Enter the Mission X, a zero-emission concept with Le Mans hypercar influences and a high possibility of going into series production. As per the press release attached below, a decision will be made in the nearest of futures in regard to the road car's feasibility. The vision behind the Mission X can be split into four bullet points, beginning with power-to-weight ratio.
The company that made a name for itself with the Neunelfer targets one metric horsepower per kilogram, which means one mechanical horsepower for every 2.2 pounds. Porsche didn't mention how much the concept weighs, how many electric drive units it has, nor the battery's net or gross capacity.
As for the second point of interest, Porsche intends to work its magic in the wind tunnel to create an electric hypercar with more downforce than the 992-generation 911 GT3 RS. The most track-focused Neunelfer entitled to wear a license plate as of June 2023 generates a whopping 1,895 pounds (860 kilograms) of downforce at 177 miles an hour (285 kilometers an hour).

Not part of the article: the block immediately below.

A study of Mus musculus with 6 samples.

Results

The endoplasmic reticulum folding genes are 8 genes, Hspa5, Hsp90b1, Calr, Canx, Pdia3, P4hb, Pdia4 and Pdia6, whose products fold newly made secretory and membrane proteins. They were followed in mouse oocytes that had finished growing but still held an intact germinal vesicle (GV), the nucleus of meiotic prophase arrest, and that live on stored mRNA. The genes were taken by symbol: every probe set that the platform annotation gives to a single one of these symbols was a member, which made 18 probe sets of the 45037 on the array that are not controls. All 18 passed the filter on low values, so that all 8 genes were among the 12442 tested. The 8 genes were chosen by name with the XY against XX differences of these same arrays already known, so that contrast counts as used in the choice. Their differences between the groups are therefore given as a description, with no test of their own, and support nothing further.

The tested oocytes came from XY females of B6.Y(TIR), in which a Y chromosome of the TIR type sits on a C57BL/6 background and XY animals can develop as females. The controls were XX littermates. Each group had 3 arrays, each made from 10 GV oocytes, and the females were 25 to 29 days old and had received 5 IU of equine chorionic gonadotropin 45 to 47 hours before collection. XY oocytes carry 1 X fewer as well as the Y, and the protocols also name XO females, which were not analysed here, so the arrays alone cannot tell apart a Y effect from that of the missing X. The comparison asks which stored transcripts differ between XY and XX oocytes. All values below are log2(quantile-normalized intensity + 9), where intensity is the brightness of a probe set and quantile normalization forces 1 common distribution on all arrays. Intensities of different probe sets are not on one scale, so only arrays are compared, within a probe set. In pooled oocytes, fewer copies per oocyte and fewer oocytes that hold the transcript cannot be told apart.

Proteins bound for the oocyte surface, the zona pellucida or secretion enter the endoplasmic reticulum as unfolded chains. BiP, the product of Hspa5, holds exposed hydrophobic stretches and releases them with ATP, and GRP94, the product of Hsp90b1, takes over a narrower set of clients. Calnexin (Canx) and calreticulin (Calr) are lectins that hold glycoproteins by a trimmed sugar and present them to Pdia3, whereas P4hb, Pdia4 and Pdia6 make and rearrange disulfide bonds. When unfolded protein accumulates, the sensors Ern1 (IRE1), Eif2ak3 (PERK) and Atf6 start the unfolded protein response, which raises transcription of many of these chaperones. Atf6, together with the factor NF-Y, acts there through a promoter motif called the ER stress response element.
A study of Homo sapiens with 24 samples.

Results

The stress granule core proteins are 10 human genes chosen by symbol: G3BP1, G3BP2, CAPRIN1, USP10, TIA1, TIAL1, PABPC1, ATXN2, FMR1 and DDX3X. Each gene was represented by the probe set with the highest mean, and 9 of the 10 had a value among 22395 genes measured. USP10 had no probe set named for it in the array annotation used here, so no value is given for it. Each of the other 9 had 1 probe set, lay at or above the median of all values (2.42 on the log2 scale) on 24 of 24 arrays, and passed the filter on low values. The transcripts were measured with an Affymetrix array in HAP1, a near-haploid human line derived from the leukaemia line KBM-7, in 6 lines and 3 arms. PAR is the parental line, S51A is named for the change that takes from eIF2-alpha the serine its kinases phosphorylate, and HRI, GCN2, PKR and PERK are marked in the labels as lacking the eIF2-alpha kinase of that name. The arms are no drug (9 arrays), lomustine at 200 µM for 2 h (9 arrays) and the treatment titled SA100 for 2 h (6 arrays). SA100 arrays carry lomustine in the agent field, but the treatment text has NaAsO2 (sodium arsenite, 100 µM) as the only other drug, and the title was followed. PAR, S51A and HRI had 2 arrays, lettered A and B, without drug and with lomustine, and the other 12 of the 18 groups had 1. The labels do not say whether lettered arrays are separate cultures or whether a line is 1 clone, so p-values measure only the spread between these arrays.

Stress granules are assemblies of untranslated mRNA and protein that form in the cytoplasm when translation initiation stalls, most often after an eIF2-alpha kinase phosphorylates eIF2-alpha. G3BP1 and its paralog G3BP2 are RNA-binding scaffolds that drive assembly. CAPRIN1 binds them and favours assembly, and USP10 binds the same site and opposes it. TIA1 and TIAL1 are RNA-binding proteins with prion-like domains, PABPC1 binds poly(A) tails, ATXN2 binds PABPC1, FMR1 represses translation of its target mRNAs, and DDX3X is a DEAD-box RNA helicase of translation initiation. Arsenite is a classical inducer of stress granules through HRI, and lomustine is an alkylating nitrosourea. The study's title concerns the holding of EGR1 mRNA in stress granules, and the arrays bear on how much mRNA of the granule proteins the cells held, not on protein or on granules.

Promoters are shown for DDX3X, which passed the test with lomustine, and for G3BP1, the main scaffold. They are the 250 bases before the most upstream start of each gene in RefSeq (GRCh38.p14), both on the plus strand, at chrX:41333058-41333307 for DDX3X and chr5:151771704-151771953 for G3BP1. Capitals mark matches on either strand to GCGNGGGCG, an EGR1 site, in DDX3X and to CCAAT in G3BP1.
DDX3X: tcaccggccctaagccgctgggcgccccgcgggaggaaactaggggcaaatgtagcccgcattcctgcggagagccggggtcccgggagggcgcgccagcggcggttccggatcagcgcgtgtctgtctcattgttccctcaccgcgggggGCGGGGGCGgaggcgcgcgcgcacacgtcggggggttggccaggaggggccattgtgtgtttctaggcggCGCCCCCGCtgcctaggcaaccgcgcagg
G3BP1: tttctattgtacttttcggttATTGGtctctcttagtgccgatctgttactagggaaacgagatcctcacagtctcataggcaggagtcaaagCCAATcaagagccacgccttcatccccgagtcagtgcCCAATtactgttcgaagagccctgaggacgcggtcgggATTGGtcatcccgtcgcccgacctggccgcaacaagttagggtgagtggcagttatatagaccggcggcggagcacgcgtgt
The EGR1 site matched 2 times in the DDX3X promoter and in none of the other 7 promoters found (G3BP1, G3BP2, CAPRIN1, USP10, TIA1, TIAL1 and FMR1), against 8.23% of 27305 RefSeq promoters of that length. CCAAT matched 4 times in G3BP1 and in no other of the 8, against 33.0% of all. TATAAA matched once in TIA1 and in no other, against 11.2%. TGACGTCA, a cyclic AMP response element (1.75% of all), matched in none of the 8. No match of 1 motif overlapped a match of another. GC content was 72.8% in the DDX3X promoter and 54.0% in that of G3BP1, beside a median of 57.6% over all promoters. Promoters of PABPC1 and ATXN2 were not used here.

Charging performance is another point of interest, with Porsche making a case for a 900-volt system. This architecture would allow the road-going version of the Mission X – which is likely to happen – to replenish its battery almost twice as quickly as the Taycan Turbo S. As a brief refresher, all variants of the Taycan use an 800-volt architecture. Battery packs range from 79.2 to 93.4 kWh (71.0 to 83.7 kWh of usable capacity).
Finally, as the headline implies, Porsche intends to shame all other street-legal vehicles at the world's most challenging racetrack. Needless to say, the Mission X's production version would also be crowned as the fastest road-legal EV on the Nurburgring. But still, will that road car ever happen?
From the wording of the press release below to the exterior design of the vehicle, there's no denying that Porsche is eyeing series production. The Mission X would also spearhead Porsche's upcoming lineup of all-electric vehicles, which will include the Macan, Cayenne, Boxster, and Cayman. The entry-level 718 Boxster and coupe-bodied Cayman, for example, will switch to all-electric propulsion sometime in 2025.